I don't believe that we have yet tapped the true power of project based learning. Right now, PBL is still kind of a cool way to address standards and, too often these days, is simply coverage by another name. But its ultimate benefit is to help students think, learn, and operate in the new century by challenging them at deeper levels. That requires reversing the equation between skills and content: PBL is method for teaching students to find, process, understand, and share information, not a way to extend the industrial landscape of regurgitation and recall.
In turn, that means we must get much better at using PBL for its primary purpose: Helping students be more skillful. To illustrate, I'll focus on our favorite 21st century skill, collaboration, a staple of most projects, as well as a source of problems in many projects.
First, let's talk football. Notice that the Dallas Cowboys don't refer to themselves as a "group." There is a good reason: Groups are different than "teams." In groups, students sit together at a table and share, talk, plan, and do some work. Teams focus on performance, commitment, and outcomes. Groups might follow a vague list of classroom norms, but high performance teams operate by an explicit ethic of service to others, listening, attentiveness, and shared leadership?all required to turn out the highest quality product based on team effort.
So, a good first step is to stop thinking in terms of groups and start thinking in terms of teams. But beyond a vocabulary shift, PBL teachers need a set of tools that establish a team ethic. They also need to set aside time for this during a project and before a project. A group of high-functioning adults rapidly can form a team, but 14-year olds, not so much. Here are three steps that can help:
- Use a solid, detailed collaboration and teamwork rubric.
Performance begins with establishing standards. A skills rubric is just as critical as a testing measure. Introduce the rubric at the start of the year, use it as a training tool, break it down into listening or attention or body language or any other scaffold. Put a grade to the rubric. Make it count.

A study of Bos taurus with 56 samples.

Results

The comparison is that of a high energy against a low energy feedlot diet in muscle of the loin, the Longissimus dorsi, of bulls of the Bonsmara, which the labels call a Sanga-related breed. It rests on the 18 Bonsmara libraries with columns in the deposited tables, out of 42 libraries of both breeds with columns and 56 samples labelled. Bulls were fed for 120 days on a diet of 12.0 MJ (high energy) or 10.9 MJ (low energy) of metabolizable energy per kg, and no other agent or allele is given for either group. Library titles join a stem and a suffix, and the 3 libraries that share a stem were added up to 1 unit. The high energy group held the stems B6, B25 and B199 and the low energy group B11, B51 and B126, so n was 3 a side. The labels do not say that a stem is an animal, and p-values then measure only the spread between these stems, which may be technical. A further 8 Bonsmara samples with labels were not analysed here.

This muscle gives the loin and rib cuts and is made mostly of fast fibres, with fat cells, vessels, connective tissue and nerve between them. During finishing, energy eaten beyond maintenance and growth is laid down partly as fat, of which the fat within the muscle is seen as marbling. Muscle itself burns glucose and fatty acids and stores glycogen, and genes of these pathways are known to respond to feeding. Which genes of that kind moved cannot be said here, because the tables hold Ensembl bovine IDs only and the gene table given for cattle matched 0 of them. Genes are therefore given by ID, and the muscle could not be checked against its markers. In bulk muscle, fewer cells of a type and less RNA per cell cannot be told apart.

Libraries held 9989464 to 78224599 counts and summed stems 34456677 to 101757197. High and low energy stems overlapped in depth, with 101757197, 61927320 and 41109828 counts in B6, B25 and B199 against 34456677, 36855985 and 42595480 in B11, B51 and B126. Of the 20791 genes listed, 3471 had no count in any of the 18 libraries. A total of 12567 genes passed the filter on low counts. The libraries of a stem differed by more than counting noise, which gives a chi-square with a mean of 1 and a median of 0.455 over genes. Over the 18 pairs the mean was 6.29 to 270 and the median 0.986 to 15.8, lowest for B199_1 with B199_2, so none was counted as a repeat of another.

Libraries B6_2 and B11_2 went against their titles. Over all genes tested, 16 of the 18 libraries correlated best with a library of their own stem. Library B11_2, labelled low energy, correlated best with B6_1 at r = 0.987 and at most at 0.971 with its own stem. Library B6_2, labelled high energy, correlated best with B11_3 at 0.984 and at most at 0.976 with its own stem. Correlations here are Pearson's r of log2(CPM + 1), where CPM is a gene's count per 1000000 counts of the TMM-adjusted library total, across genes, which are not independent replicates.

- Distinguish working groups from teams.
Not every element of every project requires a team. A working group might come together for a research task, with a leader, agenda, and individual products from each student. Mutual accountability is not required, nor is there a joint product. Working groups do not require a contract, but a team will likely require a written agreement about how they will operate.
- Help students focus on the core element that distinguishes a group from a team: the commitment to each other's success.
Though a virtual unknown in our Wild West system of education, this is now how the world operates. You may need to use discussions, reflection, encouragement, or threats (whatever works), but today's young people need to get a better sense of how they can collaborate to provide innovative solutions to challenges and problems. Our system trains them to see cooperation as cheating; PBL can teach them to produce beautiful work through sharing their strengths.
Once your teams are formed, and they understand their task, I'll also suggest a seven-step process that may help them perform at the highest level:
- Ask them to discuss their respective strengths and weaknesses. What will each of them bring to the team?
- Ask them to explicitly identify their commitments to one another.
- Ask them to mine for conflict. What differences exist between them? Do they see the project differently? Do they agree on the product?
- Have them define the task and identify the first three steps they will take.
- Emphasize first meetings and a fast start.
- Challenge teams with fresh information on a regular basis.
- Encourage "hang out" time and celebration. All good teams like to see and celebrate success.
For rubrics, sample contracts, or more conversation about this, contact me at firstname.lastname@example.org.